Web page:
Book Review: 350 Questions Parents Should Ask During Family Night
In March 2020, I was in a mad rush to leave the United States and return home before the boarders closed. I was privileged to be able to visit the US after a length of time, and thus had taken advantage of “excess baggage costs less than postage” by shoving my suitcase with packets of ranch dressing, Halloween supplies (American ebay), and books. Ya know– all the cool stuff I can’t get at home. One of the book I snatched was this one, 350 Questions Parents Should Ask During Family Night by Shannon Alder.
I am not familiar with Alder’s previous works, but this book looked interesting enough and made it into the suitcase. Where it stayed for the first 12 months of the pandemic as my family and I navigated … everything. This is my way of saying that this is not a new book. It’s been out for a while. And it is VERY Americana. It has all the US stats, and includes 911 as THE emergency number (112 is the designated global emergency number). That being said, I really liked this book.
My tween was the one who pulled it out and began reading. It is a VERY easy book to read, reflecting a series of very short personal stories, emergency statistics, and … questions. The book has four chapters, better described as sections. These sections are (in summary): Peer Pressure & Safety, Personal Boundaries, Emotional Health, and Social Health. Each chapter starts with something along the lines of “What (emergency room doctors / police officers, etc) want you to know.” What follows these headings are a few hundred words that address the statement, then a framed section titled “Did you know.” This sections includes a series of (American statistical) statements, such as “The first use of alcohol typically begins around the age of thirteen; marijuana around fourteen.” (page 8) The statements might be confronting to some, but I found them to be empowering and helped to position me better as a parent to grow with my children in discussing what they are facing at their ages.
The questions follow, are are divided into two sections, “questions for young children,” and “questions for older children.” The questions for younger children are sometimes simple, and other are more complicated. One of the more complicated ones was, “You’re on your bike and a stranger tires to pull you off of it and drag you into a wooded area. What do you do?” (page 19). Yes, it is a terrifying and thankfully very rare situation to consider, but as we discussed this as a family, we felt a new confidence in creating a plan of action in case something like this was ever to happen.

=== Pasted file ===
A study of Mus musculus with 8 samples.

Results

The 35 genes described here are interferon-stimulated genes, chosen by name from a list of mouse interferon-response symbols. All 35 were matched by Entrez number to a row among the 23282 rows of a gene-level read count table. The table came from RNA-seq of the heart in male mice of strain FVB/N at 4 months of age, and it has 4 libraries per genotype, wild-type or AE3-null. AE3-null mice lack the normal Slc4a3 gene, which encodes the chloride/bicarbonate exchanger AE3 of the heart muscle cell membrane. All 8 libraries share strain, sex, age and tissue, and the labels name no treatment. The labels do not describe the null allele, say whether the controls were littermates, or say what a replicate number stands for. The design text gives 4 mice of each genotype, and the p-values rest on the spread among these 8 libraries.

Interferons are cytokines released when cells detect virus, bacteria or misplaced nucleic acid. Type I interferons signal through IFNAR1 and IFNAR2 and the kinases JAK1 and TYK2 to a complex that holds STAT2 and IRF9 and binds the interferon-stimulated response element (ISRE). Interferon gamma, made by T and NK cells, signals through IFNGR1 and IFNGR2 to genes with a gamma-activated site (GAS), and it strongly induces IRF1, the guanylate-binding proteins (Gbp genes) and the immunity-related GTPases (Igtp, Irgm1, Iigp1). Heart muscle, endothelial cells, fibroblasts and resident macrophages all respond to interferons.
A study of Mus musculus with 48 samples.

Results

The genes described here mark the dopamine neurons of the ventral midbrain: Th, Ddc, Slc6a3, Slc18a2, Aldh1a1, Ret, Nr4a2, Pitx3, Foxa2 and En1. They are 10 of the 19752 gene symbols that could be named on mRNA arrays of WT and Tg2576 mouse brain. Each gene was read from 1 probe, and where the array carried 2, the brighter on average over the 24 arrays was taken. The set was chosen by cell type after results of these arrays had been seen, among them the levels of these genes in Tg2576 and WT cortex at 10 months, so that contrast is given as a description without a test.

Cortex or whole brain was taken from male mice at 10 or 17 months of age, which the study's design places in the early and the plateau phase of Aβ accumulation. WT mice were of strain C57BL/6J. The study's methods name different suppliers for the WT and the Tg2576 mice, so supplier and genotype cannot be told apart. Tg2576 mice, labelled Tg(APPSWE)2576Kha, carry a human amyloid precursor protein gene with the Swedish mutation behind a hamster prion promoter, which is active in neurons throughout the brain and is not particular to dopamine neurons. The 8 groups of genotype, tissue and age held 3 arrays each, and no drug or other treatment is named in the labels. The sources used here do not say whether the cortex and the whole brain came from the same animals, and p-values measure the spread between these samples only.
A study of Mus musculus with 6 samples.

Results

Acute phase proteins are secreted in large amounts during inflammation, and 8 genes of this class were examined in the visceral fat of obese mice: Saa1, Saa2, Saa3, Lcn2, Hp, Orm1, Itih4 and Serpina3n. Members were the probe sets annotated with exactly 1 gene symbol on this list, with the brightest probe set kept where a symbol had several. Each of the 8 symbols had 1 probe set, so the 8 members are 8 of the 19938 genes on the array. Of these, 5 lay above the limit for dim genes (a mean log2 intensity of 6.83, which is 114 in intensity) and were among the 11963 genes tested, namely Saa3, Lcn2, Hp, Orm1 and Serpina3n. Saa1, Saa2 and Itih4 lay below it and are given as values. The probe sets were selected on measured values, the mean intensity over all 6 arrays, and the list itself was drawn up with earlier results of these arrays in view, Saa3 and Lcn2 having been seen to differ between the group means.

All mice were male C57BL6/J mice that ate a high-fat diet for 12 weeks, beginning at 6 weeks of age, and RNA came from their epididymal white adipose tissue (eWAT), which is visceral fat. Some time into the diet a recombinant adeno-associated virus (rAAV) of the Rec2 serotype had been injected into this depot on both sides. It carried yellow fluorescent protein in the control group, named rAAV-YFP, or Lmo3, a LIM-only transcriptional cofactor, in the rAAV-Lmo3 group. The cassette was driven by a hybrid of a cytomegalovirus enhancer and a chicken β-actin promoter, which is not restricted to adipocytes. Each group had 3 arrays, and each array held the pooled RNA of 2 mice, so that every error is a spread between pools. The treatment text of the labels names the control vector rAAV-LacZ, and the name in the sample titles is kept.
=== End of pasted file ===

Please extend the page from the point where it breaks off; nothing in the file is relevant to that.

The questions for older children range from addressing bullying, what to do to prevent sexual assault, and more. For example, “Sarah tells Mark she is pregnant and wants to get an abortion. She refuses to tell her parents and swears Mark to secrecy. Mark doesn’t know what to do. What should they both do in this situation?”(page 82) . Certainly this is not a questions to be discussed in the presence of young children, but I was very grateful for the introduction of this topic within our family so we could address the situation with love, addressing the values we hold as family, and embracing mental, physical and emotional health. Better still, each family might have a different ideology in which to address some of the more complicated topics, such as abortion. The book itself does not lean toward judgement, and allows each family to discuss and resolve as fits within their dogma.
In my family, we decided to read and discuss a few questions each night at dinner. Sure, I had the snarky child who said they would do everything wrong, and I had the child who was really surprised that I might know that they had already been exposed to alcohol at friends’ houses (Duh!). Even though many of the topics are very serious, we laughed and had healthy discussions — sometimes even creating enactments and practicing what we think we might do in these different situations. The book is described as a “spiritual” protectant, and perhaps it is, but I found that the way in which the author addresses abortion, rape, addiction, positive mental health and even social kindness to be without judgement or agenda.
I think some conservative LDS families may find this book more confronting that what they would like to believe their children and teens may experience. But as for me and my house, I was very thankful for this and the healthy, mindful and important discussions that resulted from reading this together. This is a great book for addressing the kinds of things that children and teens face now, and I am glad it made it into my suitcase. At less than $10 for a hard copy ($9.89 on Amazon), and less than $5 on Kindle ($4.99), this is an inexpensive investment in your family.